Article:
My final stop at the UC Davis Arboretum began at the formal community entrance, the gateway between the City of Davis and the UC Davis Arboretum. Artist Chris Fennell created this arched entry...
400 shovels strong! All donated by the local community.
The reason for our visit here was to get a look at the Australian Collection of plants. You can see a map of the Arboretum here, and get an idea how the Australian Collection (right hand side) fits into the overall scheme.
The size of these Callistemon blooms, oh my!
I love to capture them unfurling.
Another type of bottle brush.
There were so many Anigozanthos (kangaroo paw) blooming here. It was hard not to want to photograph each and every one.
That white shrub! I wish I could tell you what it is, besides remarkable.
And oh my! The Banksia!!...
I simply cannot get enough of their post-bloom cones.
I had to resist the urge to tear them off the shrubs and instead started searching the ground for fallen cones.
Luckily I found a few.
This section of the Arboretum hugs Putah Creek.
It was very picturesque in places.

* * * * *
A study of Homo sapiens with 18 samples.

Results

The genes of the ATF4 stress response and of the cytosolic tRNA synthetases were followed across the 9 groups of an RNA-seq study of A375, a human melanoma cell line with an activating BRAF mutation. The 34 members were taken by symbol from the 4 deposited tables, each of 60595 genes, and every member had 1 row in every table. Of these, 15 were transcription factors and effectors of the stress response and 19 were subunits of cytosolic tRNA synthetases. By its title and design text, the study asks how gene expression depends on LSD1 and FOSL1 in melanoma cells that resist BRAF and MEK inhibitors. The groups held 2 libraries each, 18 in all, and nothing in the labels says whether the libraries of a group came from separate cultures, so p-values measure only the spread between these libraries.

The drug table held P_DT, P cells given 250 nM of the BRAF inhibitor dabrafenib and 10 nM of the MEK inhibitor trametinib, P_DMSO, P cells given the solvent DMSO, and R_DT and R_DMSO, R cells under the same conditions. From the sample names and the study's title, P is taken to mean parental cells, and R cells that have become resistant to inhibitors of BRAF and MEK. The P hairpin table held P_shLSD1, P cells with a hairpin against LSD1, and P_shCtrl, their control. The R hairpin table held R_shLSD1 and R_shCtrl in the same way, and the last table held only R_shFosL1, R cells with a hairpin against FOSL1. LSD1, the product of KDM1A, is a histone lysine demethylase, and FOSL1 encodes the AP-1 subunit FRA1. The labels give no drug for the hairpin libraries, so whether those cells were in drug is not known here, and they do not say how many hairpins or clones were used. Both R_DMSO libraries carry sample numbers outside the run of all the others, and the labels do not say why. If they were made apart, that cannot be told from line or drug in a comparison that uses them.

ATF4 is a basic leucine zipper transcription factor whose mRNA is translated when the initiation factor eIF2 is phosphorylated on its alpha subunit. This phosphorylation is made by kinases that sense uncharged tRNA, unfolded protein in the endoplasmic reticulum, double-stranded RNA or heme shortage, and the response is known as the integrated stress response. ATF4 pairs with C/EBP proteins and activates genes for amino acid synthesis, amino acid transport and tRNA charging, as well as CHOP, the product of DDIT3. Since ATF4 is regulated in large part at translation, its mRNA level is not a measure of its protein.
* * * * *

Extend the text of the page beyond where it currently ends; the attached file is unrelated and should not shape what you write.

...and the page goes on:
OMG, I get to walk under a weeping Callistemon.
We ventured on to the strange ceramics cast-off area that Gerhard covered in this 2017 blog post.
It was all so curious that I couldn't stop taking photos.
Gerhard discovered this is the home of the UC Davis Cermaics program and that "The 7,200 sq. ft. building was bought from the federal government as war surplus in 1947 and used as a dormitory building, fondly referred to as The Warehouse. In 1951 the building was converted to a combination police station, mailroom, and storage area. The art department began taking it over in 1961; Robert Arneson arrived in 1962. By the end of the 1960s the entire building had been given over to the ceramics program and a metal foundry."
Of course I was just as enthralled with this fence/Opuntia combination as Gerhard was.
It's quite the artistic installation all on its own.
It was time to tear ourselves away from the ceramics though, and trek back into the garden proper.
Wollemia nobilis, wow!
This beauty is a Grevillea, G. robusta...
Aka Silky Oak.
And this beauty is Grevillea 'Mason's Hybrid'
Such amazing flowers...
I'm not the only one who was appreciating them.
One final Banksia (B. marginata I believe) before it was time to head to the airport and my flight home...
Weather Diary, July 26: Hi 97, Low 64/ Precip 0
All material © 2009-2018 by Loree Bohl for danger garden. Unauthorized reproduction prohibited and just plain rude.